A Long Farewell to Milton Keynes

The Globe Inn, Linslade to Cosgrove, 17.25 miles, 5 (wet) locks, 2 aqueducts, 1 (dry) lock

Strictly speaking Cleddau is not out of Milton Keynes yet, despite a long day’s cruising. About a hundred yards ahead of this evening’s mooring is the sign welcoming boats from the opposite direction into the Milton Keynes area.  It is positioned beside the Iron Trunk Aqueduct which crosses the River Great Ouse, traditionally the boundary between Buckinghamshire and Northamptonshire… (For those interested in county boundaries some of our watery and pedestrian wanderings in the Marsworth area may well have been in Hertfordshire, according to the Geo map).

This morning’s departure was in drizzle, which soon cleared. Despite a couple of short showers the day was mostly cool and cloudy with glimpses of sun later. How familiar now was the first stretch between the Globe pub and the 3 locks since the Cleddau crew have both walked it and cruised it this year. Three spectators at the Soulbury Three offered some muscle for the middle gates. One had cruised the Birmingham Ring in the past, his strongest memory being the unravelling from the prop of “lots and lots of ladies underwear”. One wonders under what circumstances these items, along with our Aylesbury duvet, get consigned to a muddy canal…

There was little traffic going north today but a fair amount coming towards us. The Wyvern Shipping Company (light blue paintwork with red and dark blue flashes) has 33 boats in its fleet; 12 were still tied up when we passed their hire base on Wednesday – but the tally of those “homeward bound” today was 14.

We passed pretty Stoke Hammond Lock, (“Not bad for a midwinter day,” said a boater here), paused at Fenny Stratford for water, having time to observe the coal delivery boat from Stoke Bruerne skippered by a woman and also the tiny cheery residents of a lock side cottage garden.  On we went, and at 1350 precisely passed Milton Keynes Marina. Now we were properly bound for home moorings, exactly 6 days and 1.5 hours after leaving last Friday! We waved to friendly Ann, (who in her blue boat at the marina entrance observes all movement, human and boat) and plodded on through the city’s green corridor. Frequently crab apples littered the towpath and floated on the water. Occasionally someone would be picking blackberries; more often there were dog walkers (why are there so many small dogs in these parts?) The canal passes through so many areas named on the MK road signs: Campbell Park and Gifford Park, Willen Park and Great Linford. There are glimpses of play areas, well cut grass, stands of trees, sometimes unusual housing design. There are bridges, the old brick ones in places showing severe cracks. Under the large concrete bridges which convey MK’s many miles of dual carriageway daylight is lost and sound quality changes.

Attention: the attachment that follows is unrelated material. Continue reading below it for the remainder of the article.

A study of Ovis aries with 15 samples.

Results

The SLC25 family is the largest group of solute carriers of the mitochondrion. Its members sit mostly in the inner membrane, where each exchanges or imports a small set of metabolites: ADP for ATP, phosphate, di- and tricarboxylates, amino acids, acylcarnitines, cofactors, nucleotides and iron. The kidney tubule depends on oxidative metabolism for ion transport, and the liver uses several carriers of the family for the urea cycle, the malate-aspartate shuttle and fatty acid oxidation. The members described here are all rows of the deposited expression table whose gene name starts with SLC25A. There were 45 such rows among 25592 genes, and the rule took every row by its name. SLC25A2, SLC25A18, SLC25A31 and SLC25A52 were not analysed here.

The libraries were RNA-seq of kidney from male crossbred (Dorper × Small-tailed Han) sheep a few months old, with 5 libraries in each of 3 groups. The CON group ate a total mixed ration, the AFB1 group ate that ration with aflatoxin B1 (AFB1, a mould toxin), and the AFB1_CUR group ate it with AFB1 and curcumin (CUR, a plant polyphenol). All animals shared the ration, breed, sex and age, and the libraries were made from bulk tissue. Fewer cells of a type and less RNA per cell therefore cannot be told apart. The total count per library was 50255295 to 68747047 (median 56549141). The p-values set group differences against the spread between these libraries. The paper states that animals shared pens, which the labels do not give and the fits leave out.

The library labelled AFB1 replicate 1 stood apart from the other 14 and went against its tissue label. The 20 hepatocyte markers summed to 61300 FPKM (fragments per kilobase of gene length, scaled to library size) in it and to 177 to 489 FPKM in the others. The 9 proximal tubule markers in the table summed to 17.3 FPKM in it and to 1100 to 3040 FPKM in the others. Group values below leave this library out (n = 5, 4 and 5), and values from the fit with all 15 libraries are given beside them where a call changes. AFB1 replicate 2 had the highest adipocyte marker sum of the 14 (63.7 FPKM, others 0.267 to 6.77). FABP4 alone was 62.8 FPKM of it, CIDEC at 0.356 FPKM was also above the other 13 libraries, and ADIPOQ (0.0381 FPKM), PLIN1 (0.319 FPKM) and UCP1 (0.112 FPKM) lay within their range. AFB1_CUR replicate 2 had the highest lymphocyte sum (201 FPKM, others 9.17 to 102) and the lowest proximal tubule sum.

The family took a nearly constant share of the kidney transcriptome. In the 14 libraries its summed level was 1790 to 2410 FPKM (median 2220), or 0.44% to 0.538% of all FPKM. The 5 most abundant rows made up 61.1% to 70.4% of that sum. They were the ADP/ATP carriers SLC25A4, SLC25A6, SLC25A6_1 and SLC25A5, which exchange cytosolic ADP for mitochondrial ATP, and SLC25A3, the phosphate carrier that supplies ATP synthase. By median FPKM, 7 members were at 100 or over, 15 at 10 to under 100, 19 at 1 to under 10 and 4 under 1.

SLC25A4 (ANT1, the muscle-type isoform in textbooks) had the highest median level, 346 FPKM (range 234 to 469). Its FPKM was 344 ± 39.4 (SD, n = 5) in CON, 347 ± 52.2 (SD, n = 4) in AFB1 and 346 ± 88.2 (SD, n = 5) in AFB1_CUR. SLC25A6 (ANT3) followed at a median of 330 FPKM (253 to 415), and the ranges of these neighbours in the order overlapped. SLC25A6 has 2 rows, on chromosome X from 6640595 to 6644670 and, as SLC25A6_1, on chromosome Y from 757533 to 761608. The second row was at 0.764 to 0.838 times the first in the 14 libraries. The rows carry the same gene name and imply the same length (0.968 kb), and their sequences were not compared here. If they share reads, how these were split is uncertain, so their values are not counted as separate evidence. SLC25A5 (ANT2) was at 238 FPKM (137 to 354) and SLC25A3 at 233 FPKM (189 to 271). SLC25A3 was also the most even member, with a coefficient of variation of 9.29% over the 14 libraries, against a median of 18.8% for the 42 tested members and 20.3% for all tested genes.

On Cleddau cruised, past Stantonbury Park, where hereabouts a robot was perched in the hedge. On we cruised, past the Wolverton mural, across the modern aqueduct above a dual carriageway road, and on towards Cosgrove. We moored, with difficulty, since the canal side is shallow here.

At last there was chance to look more closely at the Iron Trunk Aqueduct, recent Big Lottery Fund winner, both from upon it and below it. The River Great Ouse seems little more than a dribble now, water extracted from it for the canal and rain levels are low. Yet this river parades through Bedfordshire and Cambridgeshire before entering the sea at King’s Lynn as a serious tidal waterway. A foot tunnel below the aqueduct, originally a cattle creep, allows access to walks below.  Now if Boatwif hadn’t wandered down that way she would never have discovered a dry lock! It is one of the nine constructed to take the canal down into the valley and up to Wolverton before the aqueduct was built.  A detailed sign regales how the first aqueduct failed and the locks were reinstated…

After struggling to decipher the text on various weather beaten information boards Boatwif clambered back up hill and retreated to the boat having, like the Heywood Fields boat spotted earlier, “Adenuf”…

Tomorrow’s plan: Cosgrove, Stoke Bruerne, Blisworth Tunnel, Gayton Junction.